Eye Lift (Blepharoplasty)

Upper Eyelids

Young eyes have a smooth upper lid, with a well-defined crease and no excess skin. Older eyes have excess skin, and may have some bulging medially (meaning near the midline). This bulging is actually fat inside the orbit. The orbital septum is a layer of connective tissue that keeps the fat inside the orbital cavity from bulging out. As we age, this layer of connective tissue weakens, allowing the fat to bulge out. In addition, our skin stretches and droops as we age.

So how do we fix this? It’s actually a relatively simple procedure:

  1. Take off the excess skin. The resulting scar is well-hidden in the crease of the upper eyelid.
  2. Remove the bulging fat. Removing just a pinch or two of fat smooths the contour of the upper eyelid.

Upper eyelid lifts are occasionally covered by insurance. For the procedure to be covered, the upper eyelid skin has to be drooping so much that it actually obstructs your vision. In order to find out for sure, you will need to see your ophthalmologist for a visual fields exam, which will determine if your excess eyelid skin is blocking your vision.

Lower Eyelids

Lower eyelids age in a similar way to the upper eyelids. In addition to skin becoming more lax, the fat around the eye becomes more noticeable as well. This fat is held back by a thin layer of connective tissue that stretches from the cheekbone to the lower eyelid. This connective tissue weakens and stretches as we age, allowing the fat to “pooch out”, resulting in bags under the eyes.

The diagram to the left is a cross section of the eye. The big circle on top is the actual eyeball, or globe. The cheekbone is highlighted in orange, and the lower eyelid is highlighted in green (this is actually the tarsal plate, a firm supportive layer of the lower eyelid, but for our purposes calling it the lower eyelid is close enough). The blue line highlights this connective tissue layer, the orbital septum. You can see the fat behind it, highlighted in light yellow.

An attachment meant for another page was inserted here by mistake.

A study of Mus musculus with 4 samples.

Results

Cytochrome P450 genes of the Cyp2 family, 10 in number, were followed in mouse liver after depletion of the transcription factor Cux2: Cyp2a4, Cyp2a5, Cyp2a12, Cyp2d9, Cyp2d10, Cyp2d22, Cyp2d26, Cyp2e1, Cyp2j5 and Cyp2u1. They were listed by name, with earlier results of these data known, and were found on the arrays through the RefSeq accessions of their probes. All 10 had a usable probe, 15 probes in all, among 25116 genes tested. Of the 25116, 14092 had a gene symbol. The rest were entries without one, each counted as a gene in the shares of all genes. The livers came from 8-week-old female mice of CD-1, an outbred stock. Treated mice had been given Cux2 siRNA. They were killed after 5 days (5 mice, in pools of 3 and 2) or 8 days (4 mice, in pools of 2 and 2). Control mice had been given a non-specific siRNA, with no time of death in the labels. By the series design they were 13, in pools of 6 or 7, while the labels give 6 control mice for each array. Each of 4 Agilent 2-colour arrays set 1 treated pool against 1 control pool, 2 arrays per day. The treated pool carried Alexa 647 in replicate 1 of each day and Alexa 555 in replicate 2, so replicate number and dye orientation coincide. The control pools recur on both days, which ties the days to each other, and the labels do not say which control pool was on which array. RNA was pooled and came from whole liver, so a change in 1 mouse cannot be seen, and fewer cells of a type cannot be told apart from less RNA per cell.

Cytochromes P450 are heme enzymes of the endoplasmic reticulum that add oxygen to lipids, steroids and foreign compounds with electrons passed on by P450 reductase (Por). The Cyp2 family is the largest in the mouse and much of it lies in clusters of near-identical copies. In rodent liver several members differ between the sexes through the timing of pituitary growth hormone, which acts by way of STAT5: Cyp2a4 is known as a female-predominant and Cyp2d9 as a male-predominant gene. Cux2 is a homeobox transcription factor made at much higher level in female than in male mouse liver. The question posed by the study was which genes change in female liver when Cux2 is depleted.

Lifting the lower eyelids is similar to to lifting the upper eyelids with one major difference:

  1. The excess skin is taken off
  2. The bulging fat is removed
  3. Here’s the difference– the lower eyelid is sometimes tightened. The canthal ligament, which is the tough connective tissue that supports the lower eyelid, is suspended higher into the outer corner of the bones that make up the orbit. Not every patient needs this, but it is commonly done to help provide support to the lower eyelid during the healing process.


Eyelids are a delicate area, so you can expect some bruising and swelling after surgery. The bruising usually resolves within 1-2 weeks, and mild swelling may persist for up to a month or longer. Most patients experience discomfort after surgery rather than true pain. This often takes the form of a dry eye or irritated eye. You may be given eye drops or ointment to help with these symptoms. In terms of activity restrictions, patients are limited from engaging in heavy lifting or vigorous exercise for a month after surgery. Return to work depends on what type of job you have, and if you prefer to wait for all bruising and swelling to go back prior to returning to work.

Before and After Photos***

Blepharoplasty (eye lift)-1
Blepharoplasty (eye lift)-2
Blepharoplasty (eye lift)-3
Blepharoplasty (eye lift)-4
Blepharoplasty (eye lift)-5
Blepharoplasty (eye lift)-6

***All patient results may vary, these procedures are for cosmetic purposes only and results are not guaranteed, nor are permanent. All patients are different and in no way will any procedures be alike, nor the recovery period.